Vehicles travel along a highway past commercial and residential buildings in Tokyo, Japan, on Wednesday, Feb. 8, 2023.
“It is a golden period of Japanese real estate,” Henry Chin, head of Asia-Pacific research at CBRE, told CNBC.
“Japan benefits from an ultra-loose monetary policy while global economies are in the tightening cycle,” he added, citing the level of transparency and “strong fundamentals” in the retail and multifamily sector to be a key factor. Multifamily properties are buildings or complexes that have more than one rentable unit unlike single-family properties with only a single space.
Boosting the demand for Japan’s property sector is the country’s favorable lending terms, where the loan-to-value ratio stands at 70% and the cost of lending hovers around 1%, Chin explained.
And of course, a cheap Japanese yen.
The Bank of Japan’s monetary position to hold benchmark interest rates at -0.1% sets them apart from other major central banks, which have lifted rates in the last two years in efforts to tame spiraling inflation. Consequently, the yen has weakened more than 11% against the U.S. dollar this year so far.
“Foreign investor volume saw 100% increase in Q1 2023 on a year-on-year basis,” JLL’s Research Director of Capital Markets in Japan, Koji Nato, told CNBC via e-mail.
Real estate deal activity in Japan has been among the strongest in the world this year, JLL said in a recent note, similarly attributing the robustness to the interest rate policy that “has been widely credited for keeping its real estate resilient.”
Foreign investors almost doubled their investment from a year ago to $2 billion in the first quarter of the year, the global real estate services company noted.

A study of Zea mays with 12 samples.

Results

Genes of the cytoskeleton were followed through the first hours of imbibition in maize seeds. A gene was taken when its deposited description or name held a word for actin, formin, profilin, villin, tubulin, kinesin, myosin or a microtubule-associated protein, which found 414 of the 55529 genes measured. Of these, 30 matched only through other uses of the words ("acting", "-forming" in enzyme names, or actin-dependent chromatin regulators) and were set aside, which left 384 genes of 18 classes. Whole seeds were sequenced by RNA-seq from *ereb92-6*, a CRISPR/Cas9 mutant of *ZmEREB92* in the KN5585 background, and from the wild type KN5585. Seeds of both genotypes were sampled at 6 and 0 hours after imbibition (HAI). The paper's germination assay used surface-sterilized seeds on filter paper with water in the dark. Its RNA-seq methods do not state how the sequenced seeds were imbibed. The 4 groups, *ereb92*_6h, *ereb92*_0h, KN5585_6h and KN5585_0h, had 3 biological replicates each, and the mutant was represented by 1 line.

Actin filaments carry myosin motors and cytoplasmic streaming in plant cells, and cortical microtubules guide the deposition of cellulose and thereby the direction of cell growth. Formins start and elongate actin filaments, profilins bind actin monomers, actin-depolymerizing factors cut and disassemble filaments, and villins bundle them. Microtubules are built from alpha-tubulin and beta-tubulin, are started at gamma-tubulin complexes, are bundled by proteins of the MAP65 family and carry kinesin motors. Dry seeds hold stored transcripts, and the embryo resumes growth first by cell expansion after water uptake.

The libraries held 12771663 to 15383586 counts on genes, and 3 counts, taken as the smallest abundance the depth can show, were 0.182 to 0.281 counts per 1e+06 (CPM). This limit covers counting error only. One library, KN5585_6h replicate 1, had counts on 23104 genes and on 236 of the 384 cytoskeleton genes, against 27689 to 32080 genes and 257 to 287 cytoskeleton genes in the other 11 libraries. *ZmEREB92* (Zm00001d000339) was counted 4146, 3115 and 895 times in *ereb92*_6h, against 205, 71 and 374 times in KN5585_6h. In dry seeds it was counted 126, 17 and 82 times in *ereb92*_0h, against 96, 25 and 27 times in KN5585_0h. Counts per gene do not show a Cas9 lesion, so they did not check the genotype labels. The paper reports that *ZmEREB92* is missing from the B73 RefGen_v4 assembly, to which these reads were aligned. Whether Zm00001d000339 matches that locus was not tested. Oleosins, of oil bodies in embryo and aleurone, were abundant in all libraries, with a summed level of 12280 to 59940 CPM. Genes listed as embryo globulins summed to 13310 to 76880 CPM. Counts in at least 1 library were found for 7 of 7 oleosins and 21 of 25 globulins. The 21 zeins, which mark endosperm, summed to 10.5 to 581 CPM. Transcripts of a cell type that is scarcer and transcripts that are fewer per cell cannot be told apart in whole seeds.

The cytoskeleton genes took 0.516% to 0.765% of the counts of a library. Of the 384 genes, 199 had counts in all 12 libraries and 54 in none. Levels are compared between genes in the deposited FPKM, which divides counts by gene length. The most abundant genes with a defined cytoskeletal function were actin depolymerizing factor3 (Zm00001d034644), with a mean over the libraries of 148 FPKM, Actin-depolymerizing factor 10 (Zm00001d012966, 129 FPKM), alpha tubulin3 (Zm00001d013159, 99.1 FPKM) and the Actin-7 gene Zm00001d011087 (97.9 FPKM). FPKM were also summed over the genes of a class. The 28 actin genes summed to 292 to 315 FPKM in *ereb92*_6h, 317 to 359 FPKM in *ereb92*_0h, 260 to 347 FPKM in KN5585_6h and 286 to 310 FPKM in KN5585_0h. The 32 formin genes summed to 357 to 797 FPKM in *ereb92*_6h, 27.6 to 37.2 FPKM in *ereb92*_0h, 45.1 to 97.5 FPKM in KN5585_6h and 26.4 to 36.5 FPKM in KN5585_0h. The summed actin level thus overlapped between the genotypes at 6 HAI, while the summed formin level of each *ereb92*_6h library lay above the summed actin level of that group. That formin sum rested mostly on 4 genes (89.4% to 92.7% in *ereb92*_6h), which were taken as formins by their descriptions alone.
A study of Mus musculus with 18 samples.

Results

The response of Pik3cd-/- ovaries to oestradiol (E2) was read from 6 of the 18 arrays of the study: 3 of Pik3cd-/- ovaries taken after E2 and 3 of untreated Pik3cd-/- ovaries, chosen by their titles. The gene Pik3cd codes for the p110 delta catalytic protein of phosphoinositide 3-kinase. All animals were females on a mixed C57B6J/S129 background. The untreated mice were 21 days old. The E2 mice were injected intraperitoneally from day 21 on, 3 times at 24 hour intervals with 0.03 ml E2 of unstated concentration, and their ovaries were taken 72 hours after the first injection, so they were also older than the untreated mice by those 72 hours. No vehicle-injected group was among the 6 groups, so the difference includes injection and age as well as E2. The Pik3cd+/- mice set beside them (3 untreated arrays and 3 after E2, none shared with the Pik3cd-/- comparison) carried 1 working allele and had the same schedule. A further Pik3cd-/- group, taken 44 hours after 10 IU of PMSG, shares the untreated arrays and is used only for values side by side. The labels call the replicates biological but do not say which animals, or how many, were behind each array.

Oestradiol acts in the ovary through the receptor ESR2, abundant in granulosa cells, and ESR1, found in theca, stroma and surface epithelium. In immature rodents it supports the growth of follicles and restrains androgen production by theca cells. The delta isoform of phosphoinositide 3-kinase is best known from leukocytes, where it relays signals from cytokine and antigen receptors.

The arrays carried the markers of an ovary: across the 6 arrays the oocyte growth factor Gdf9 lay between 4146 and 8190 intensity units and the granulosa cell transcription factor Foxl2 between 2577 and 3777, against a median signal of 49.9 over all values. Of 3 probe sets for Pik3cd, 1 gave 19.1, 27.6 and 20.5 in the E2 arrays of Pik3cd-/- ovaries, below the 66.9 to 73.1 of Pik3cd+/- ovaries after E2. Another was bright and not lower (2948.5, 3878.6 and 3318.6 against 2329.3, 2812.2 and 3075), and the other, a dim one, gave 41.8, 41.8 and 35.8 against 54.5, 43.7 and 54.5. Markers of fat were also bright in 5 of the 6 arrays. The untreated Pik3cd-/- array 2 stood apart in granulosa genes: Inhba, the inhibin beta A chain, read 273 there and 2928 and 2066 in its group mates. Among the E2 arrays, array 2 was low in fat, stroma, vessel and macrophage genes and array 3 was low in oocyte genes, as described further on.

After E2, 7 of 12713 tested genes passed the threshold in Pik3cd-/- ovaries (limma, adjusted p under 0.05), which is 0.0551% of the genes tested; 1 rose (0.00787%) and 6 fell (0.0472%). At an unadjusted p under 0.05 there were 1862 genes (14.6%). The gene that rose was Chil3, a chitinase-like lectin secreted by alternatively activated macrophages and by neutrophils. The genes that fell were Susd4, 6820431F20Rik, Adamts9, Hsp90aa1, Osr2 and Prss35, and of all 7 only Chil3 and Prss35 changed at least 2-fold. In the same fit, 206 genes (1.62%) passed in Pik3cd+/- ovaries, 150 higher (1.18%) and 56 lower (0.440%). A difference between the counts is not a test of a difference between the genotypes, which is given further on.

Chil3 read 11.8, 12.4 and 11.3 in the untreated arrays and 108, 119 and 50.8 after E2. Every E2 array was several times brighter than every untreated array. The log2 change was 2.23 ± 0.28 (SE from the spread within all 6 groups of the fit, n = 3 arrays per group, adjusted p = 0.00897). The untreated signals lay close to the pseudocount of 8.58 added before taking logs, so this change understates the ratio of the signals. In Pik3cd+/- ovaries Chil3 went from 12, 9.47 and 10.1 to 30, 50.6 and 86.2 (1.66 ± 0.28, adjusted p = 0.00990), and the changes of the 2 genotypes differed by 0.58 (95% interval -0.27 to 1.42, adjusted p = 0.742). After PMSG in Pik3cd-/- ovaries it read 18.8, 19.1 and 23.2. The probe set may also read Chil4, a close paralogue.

According to latest data provided by CBRE, total foreign investments into Japan’s real estate market has risen 45% in the first half of 2023, compared to the same period last year.
Hotels or offices?
The solid rebound in Japan’s tourism sector following the ease in border restrictions has sparked a rise in hotel occupancies and hospitality investments, Knight Frank said in a recent September note. In July, Japan saw the highest number of foreign travelers since the Covid-19 pandemic.
“Given the limited availability of new hotel rooms in the foreseeable future, the upward trend in occupancy rates is anticipated to continue,” Knight Frank’s note continued.
In addition, hospitality investments were given a sharp boost following the greenlighting of the construction of Japan’s integrated resorts in Osaka, which would mark the country’s first casino. The project is aimed at drawing both international tourist and domestic spending
The Japanese logistics sector has also experienced “impressive growth,” fueled by the strong performance of e-commerce, Knight Frank noted. The logistics sector encompasses distribution centers, warehouses and other spaces with storage facilities.
For CBRE’s Chin, the retail sector is seeing the strongest rental growth. Chin also elaborated that investors are looking at prime and secondary markets in Tokyo and Osaka where demand for leases is coming back, alongside the return of tourists.
Who are investing?
Singapore is the largest source of cross-border investments into Japanese commercial real estate in 2023, with $3 billion worth of acquisitions year-to-date, said Knight Frank’s Head of APAC Research Christine Li.
U.S. investment into Japan came in second place at $2.58 billion, and Canada with $1 billion worth of investments, according to data from Knight Frank.
So how long will investments continue to pour in?
A view of the historic Shinchaya Inn on the Nakasendo Way on November 7, 2022 in the post towns of Magome, Japan.
CBRE’s Chin highlighted how it is hard to predict the turning point, and noted how prices can be “extremely sensitive” to any interest rate hikes and relative pricing of real estate in other countries’ markets. However, he remains optimistic.
“We expect to see investors continue to deploy capital into Japan and it is unlikely to change in the coming few quarters,” he said.